Indian writer and journalist Raghu Karnad has won Yale University’s Windham-Campbell prize under non-fiction category for his work Farthest Field: An Indian Story of the Second World War.
He is one of eight recipients of the prestigious award handed out by Yale University to English language writers from around the world. Each winner receives $165,000 to support their writing.
Karnad, son of noted Indian actor, director and Kannada writer Girish Karnad, is currently the Chief of Bureau of The Wire.
The book was earlier shortlisted for the Hessell-Tiltman Prize for 2016, and was awarded the Sahitya Akademi Yuva Puraskar for a writer in English the same year.
The book narrates the story of three men from the same family, serving in the Indian army during World War II. The book spans various parts of the world including Singapore, Eritrea, Libya, El Alamein, Basra, Arakan and Imphal.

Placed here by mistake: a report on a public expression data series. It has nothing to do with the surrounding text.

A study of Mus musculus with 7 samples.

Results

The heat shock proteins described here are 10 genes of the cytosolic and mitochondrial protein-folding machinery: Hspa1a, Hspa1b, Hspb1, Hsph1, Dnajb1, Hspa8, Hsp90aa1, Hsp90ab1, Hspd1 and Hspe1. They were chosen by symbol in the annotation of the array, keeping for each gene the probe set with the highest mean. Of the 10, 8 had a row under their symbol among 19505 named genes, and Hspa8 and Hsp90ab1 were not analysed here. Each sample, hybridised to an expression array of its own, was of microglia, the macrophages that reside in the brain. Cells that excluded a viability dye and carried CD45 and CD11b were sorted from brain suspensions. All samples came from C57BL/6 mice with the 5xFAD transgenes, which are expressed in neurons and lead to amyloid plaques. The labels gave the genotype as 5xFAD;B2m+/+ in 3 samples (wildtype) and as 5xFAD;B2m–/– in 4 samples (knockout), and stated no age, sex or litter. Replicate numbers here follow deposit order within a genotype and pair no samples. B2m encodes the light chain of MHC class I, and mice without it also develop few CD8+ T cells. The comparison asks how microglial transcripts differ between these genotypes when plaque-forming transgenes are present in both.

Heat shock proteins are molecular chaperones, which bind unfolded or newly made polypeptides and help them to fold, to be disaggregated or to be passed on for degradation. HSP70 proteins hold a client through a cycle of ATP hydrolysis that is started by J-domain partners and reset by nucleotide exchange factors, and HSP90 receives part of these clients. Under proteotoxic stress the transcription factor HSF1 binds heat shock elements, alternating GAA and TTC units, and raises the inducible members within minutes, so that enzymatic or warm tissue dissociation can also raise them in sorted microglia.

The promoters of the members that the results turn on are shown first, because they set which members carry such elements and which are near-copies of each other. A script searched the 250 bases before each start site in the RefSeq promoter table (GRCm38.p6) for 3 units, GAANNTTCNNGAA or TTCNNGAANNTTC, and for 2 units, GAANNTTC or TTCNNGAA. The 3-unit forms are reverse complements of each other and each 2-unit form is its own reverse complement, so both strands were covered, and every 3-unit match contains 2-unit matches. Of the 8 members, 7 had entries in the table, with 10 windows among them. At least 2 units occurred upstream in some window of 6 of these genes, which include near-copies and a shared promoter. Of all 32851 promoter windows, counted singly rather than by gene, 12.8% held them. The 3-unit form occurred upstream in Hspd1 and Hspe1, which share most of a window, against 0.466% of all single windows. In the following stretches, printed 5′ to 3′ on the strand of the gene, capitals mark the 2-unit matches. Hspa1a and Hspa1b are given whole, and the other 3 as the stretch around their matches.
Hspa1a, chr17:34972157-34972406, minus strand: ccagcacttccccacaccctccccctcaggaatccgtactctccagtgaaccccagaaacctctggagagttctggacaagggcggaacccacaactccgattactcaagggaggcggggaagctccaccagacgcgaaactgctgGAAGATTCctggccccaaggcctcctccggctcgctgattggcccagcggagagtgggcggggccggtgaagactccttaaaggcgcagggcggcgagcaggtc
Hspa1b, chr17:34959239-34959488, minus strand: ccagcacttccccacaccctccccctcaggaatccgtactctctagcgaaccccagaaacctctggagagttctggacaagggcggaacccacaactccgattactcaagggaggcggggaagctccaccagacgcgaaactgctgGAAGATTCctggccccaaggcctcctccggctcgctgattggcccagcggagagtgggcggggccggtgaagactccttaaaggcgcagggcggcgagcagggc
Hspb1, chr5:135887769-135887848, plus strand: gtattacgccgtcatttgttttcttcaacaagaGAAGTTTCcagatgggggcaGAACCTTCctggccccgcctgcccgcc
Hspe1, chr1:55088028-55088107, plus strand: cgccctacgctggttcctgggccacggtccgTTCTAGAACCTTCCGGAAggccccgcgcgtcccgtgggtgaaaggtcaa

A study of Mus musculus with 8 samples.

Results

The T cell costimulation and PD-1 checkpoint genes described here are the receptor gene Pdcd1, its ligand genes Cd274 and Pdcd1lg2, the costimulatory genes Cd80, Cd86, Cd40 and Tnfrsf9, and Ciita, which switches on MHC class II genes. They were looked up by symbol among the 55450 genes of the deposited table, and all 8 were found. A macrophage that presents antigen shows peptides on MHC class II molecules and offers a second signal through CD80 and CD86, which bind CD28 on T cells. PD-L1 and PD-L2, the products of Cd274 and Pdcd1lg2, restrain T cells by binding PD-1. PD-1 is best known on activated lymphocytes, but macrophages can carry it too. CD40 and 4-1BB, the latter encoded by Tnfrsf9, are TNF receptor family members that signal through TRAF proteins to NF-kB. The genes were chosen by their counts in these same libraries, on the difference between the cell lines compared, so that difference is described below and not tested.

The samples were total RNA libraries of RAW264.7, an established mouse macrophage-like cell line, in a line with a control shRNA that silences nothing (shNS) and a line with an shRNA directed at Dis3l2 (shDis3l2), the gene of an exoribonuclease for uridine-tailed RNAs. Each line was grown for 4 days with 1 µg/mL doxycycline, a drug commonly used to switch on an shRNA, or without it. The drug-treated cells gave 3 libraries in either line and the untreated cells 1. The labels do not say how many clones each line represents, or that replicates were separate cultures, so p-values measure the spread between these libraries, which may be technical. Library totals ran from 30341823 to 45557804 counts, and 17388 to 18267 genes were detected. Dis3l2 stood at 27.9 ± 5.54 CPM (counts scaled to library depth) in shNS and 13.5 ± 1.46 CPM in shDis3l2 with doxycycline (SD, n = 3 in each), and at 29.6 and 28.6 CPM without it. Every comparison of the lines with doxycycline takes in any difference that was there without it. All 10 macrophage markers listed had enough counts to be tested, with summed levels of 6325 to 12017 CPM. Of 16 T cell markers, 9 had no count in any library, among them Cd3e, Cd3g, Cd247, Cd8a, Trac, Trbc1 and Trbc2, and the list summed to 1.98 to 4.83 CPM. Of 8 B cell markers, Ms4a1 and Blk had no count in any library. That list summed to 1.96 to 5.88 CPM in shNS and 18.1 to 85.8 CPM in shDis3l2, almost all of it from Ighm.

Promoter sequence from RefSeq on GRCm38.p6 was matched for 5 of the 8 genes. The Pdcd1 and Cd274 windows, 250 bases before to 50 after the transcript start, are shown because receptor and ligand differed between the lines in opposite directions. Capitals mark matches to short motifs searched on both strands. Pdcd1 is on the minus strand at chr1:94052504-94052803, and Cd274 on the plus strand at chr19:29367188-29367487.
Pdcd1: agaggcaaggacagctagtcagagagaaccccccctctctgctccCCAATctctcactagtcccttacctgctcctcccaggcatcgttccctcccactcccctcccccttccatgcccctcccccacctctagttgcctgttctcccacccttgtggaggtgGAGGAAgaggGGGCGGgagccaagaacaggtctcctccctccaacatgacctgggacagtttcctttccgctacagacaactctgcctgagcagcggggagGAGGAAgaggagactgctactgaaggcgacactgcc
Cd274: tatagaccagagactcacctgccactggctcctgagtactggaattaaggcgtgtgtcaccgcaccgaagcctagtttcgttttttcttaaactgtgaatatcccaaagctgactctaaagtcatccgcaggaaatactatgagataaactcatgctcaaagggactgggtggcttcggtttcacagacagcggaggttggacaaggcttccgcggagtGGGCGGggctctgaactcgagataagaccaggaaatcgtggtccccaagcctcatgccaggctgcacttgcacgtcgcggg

"It's been a week and I've just about managed to accept that this is real and not the result of a mistaken autocorrect prompt. I wrote my book without any certainty that it would even find a publisher outside of India. To have it recognized like this - and placed in the company of others that were my inspirations - feels less like an achievement than a fantastical dream", Karnad was quoted as saying in newsreports.
He studied at Swarthmore College and at Oxford. He has served as the editor of Time Out magazine in New Delhi and his writings have appeared in Financial Times, Caravan Magazine, The Guardian, and The New Yorker among other publications.
The Windham-Campbell Prizes are administered by Yale’s Beinecke Rare Book & Manuscript Library, which houses the Donald Windham and Sandy M. Campbell papers.
Since the prize’s inception, 59 writers representing 16 countries in Africa, Asia, Oceania, Europe, and North America have won the prize.